Summary: This sermon is designed to challenge believers to confront the areas of emptiness in there lives.
Solutions To The Soap Opera of Emptiness
John 2: 1-3
Over the next two months we will be looking at the seven signs or miracles that are found in the gospel according to John the beloved. Pregnant within the womb of each of these signs is a message about our master. Each of the signs is a portrait of the personhood of Jesus and reveal a sneak preview of his divinity. These signs not only reveal for us that Jesus is God incarnate but they also demonstrate His wiliness to meet the needs of our ever changing lives. Life for many of us is like a television soap opera series; it is one calamity after another. Just like the television soaps, our lives are filled with constant chaos, flooded with frustrations and irritations. We live on the edge of night, and we are searching for our tomorrows, hoping that our world will continue to turn.
I submit to you that life has its empty spots, in spite of all the glitter and glamour; deep beneath the surface lays an empty reservoir of lost dreams and hopes. Void and lack, plague our lives and prohibit our pursuits of fulfillment and satisfaction. All of us, in spite of our ages, wages, races and ethic identities, have to wrestle with the issue of emptiness. Empty marriages, ministries and even empty careers sadly are the norms of our times. Life with all of its commotions and promotions still leave us empty. Nike says “Just Do It” yet we are empty. Burger King says “Have It Your Way” yet we are empty. We pep and step, bling and ching, style and profile yet we are empty. The butler, the baker, and even the candlestick maker, lottie and Dottie and everybody are wrestling with this thing call emptiness! All the subjects, servants and those whom are served can’t escape cold harsh winter winds of emptiness.
The question that confronts us all today is how do we deal with those empty spots in our lives? How do we deal with failing and faulty finances, bankrupt relationships, broken homes and hopes? That leave us stranded on an island of suffering and sorrow like skipper and giligand. This morning our text is a textbook case of how to deal with emptiness. Let us peruse the perimeters of this passage and see what principles we can draw out to help us solve the soap opera of emptiness.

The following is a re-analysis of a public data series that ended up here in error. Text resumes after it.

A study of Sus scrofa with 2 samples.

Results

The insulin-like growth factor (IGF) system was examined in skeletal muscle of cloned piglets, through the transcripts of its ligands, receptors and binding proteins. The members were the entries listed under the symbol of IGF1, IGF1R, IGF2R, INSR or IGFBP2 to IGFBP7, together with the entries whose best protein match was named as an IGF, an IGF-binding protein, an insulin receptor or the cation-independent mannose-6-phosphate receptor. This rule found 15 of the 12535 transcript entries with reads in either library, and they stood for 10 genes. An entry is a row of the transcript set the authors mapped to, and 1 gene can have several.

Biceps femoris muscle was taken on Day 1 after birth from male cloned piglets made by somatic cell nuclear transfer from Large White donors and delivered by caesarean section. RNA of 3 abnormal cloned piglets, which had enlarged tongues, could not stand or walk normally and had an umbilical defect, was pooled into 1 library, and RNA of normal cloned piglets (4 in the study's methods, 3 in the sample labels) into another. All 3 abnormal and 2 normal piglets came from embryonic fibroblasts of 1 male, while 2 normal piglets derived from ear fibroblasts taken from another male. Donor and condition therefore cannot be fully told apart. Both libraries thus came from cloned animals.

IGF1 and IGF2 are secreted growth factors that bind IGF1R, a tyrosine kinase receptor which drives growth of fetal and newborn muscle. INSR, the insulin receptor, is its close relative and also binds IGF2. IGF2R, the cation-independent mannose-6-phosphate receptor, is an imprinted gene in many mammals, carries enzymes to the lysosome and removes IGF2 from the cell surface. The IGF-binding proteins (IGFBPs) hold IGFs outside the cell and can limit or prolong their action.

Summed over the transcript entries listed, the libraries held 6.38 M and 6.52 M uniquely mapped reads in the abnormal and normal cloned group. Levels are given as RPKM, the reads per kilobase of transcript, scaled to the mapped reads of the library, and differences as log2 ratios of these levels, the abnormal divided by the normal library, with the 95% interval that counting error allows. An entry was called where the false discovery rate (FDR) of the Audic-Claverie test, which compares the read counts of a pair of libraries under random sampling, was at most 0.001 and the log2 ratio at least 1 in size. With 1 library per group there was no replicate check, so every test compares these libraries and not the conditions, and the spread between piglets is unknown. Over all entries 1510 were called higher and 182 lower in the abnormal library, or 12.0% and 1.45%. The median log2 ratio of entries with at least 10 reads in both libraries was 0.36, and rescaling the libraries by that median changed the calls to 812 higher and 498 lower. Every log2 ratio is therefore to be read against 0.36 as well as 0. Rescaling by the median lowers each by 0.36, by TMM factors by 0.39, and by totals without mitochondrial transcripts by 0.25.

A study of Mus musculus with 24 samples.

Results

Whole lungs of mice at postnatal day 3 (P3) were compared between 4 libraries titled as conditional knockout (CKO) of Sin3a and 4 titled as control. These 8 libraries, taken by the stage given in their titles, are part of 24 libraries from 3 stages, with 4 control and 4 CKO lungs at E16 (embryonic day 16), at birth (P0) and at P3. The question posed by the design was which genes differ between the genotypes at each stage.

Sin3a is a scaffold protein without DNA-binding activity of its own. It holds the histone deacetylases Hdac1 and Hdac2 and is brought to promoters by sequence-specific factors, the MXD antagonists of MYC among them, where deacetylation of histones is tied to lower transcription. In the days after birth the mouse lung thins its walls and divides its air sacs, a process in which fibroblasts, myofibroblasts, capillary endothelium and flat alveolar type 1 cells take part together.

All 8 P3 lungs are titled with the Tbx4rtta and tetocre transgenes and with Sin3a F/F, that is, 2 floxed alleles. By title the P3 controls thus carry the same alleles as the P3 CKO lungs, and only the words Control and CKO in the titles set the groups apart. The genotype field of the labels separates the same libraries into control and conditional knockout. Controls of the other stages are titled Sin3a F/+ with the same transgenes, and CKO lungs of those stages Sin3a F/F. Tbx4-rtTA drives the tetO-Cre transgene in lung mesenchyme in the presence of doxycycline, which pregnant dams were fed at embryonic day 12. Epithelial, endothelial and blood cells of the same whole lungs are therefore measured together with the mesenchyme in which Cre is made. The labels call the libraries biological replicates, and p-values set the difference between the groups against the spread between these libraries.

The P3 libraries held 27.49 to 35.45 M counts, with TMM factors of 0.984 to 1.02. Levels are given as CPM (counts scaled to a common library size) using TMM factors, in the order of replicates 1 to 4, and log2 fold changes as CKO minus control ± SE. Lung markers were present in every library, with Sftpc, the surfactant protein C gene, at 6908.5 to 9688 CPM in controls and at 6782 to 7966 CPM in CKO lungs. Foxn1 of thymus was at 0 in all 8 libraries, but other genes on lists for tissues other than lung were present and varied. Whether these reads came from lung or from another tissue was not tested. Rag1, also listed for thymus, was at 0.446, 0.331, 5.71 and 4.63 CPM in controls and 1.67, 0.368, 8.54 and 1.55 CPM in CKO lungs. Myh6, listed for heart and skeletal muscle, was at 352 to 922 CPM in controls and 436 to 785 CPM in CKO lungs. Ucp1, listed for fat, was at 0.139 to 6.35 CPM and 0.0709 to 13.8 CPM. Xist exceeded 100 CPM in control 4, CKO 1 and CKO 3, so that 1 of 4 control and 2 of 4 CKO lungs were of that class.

This first miracle of our Lord took place in a place called, Cana of Galilee. Let us observe the landscape and backdrop of this wedding. Cana was an inconspicuous and obscure little town that lay outside of Nazareth. Cana had no social significance in its day! Mary the mother of Jesus, and Jesus and his disciples had all been invited to the wedding. Cultural norms would have us to understand that this was a “peasant” wedding. Otherwise, Mary, of low estate would not have been there. Let us observe that Jesus ministry began in a small, and unimportant town. Let me add God does big things in small places.
Weddings then were a lot like weddings now; they were a big deal in the Jewish culture. The bride from a baby had been prepared all of her life for this moment. Please understand that for girls in Jewish culture from the moment they were born, they were never allowed to be alone with any male other than their father and brothers. The lack of virginity could be a disgrace and financial liability to her family. Protocol and practice required that if the bride were a virgin, the wedding would be held on Wednesday. If the bride were a widow, the wedding would be held on Thursday.
The wedding ceremony would take place late in the evening after a time of feasting. Please note that late in the evening means that the wedding took place at the dawn of the Jewish day. The father of the bride would take his daughter on his arm, and with the wedding party and parade through the streets of town so that everyone could come out and congratulate the bride. Finally the wedding party would arrive at the home of the groom. The wedding actually took place in the front door of the groom’s house.
After the ceremony the bride and groom walked through the streets accompanied by flaming torches. This trip could take hours, many guest would wait along the road and join the wedding party as the procession passed. Attendants would walk with them keeping a canopy over their heads.
Once the couple arrived back at the house of the groom, the groom would carry the bride over the threshold and then stand at the door as the processional party entered the house. All that were to be a part of the festivities had to enter the house before the door was shut. The couple kept open house for a week. They were treated like royalty. They dressed in fancy clothes and many times actually wore crowns on their heads. Whatever they desired was granted.